By Jim Mann
A government shutdown is politically undesirable for Republicans and Democrats, Sen. Jon Tester said Tuesday, and he believes that making serious long-term spending cuts will require a comprehensive legislative package with buy-in from both parties.
There is currently a deep divide between the Senate Democrats and House Republicans over a continuing resolution to fund the government after March 4. Democrats want to freeze spending at current levels and the Republicans are calling for cuts totaling $61 billion.
"The crystal ball is always cloudy when it comes to things in Washington, D.C.," Tester said during a visit with the Inter Lake editorial board Tuesday.
He believes a compromise will be struck somewhere in between, mainly because shutting the government down after March would have consequences for both parties.
"From a raw political perspective, I don't think it would be good for either party," he said.
Tester said the Obama administration's proposed budget for the next fiscal year does not go far enough in addressing government spending and debt, but he believes there is growing momentum in Congress to seriously address the issue.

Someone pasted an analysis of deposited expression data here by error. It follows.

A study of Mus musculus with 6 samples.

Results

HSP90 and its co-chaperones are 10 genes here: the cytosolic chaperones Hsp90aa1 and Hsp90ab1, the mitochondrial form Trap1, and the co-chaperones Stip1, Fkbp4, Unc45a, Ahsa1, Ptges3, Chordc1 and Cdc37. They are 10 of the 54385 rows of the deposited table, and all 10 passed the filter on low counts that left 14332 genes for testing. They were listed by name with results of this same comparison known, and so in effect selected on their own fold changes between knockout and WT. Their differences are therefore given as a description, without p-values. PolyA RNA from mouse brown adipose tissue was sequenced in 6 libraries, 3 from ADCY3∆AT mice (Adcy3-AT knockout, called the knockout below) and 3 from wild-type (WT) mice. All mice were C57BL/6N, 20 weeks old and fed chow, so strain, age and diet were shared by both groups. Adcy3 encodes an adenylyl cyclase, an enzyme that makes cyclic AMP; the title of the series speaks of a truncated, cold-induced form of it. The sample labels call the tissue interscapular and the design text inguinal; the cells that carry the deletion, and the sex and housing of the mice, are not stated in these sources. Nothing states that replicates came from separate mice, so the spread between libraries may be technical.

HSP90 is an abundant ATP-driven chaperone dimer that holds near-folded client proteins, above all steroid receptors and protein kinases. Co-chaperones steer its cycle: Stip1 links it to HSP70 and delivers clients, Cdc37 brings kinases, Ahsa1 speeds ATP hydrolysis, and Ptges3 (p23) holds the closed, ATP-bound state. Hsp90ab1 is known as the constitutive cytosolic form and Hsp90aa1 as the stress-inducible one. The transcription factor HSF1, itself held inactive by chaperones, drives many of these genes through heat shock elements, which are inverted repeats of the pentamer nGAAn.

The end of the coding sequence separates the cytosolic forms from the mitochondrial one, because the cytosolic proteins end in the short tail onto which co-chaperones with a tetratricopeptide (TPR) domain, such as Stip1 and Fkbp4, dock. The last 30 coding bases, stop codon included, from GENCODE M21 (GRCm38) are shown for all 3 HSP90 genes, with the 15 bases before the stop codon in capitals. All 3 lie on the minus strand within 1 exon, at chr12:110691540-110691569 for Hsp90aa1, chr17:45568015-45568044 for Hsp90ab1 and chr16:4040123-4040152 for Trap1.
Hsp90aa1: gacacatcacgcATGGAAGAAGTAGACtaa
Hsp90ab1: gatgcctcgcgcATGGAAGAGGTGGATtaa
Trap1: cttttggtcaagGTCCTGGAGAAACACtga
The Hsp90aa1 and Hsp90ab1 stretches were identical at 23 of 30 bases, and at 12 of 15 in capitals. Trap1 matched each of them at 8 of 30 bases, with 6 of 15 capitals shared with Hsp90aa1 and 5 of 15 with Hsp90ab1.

"I think there is critical mass to get something done," he said,
His view is that Congress needs to "be careful what (it) does in the short-term ... but you also have to have a long-term plan that is a serious plan."
Tackling federal spending and debt, he said, will require a comprehensive approach to be politically viable. A package approach allows for various constituencies to know that cuts are being spread and shared rather than being carried by a few.
"Don't do it all on my back" is how the various interests will view the problem, he said.
Tester said cutting spending and debt will require all aspects and programs to be considered, rather than just the proposed cuts in discretionary spending -- a fraction of overall spending -- outlined in the president's budget.
"Everything needs to be on the table," Tester said. "The military needs to be on the table. Entitlements need to be on the table."
For Congress to actually pass meaningful cuts will also require buy-in from both parties, he said.
"What will derail it is political motives," he said. "It won't happen if one party does it and the other party doesn't."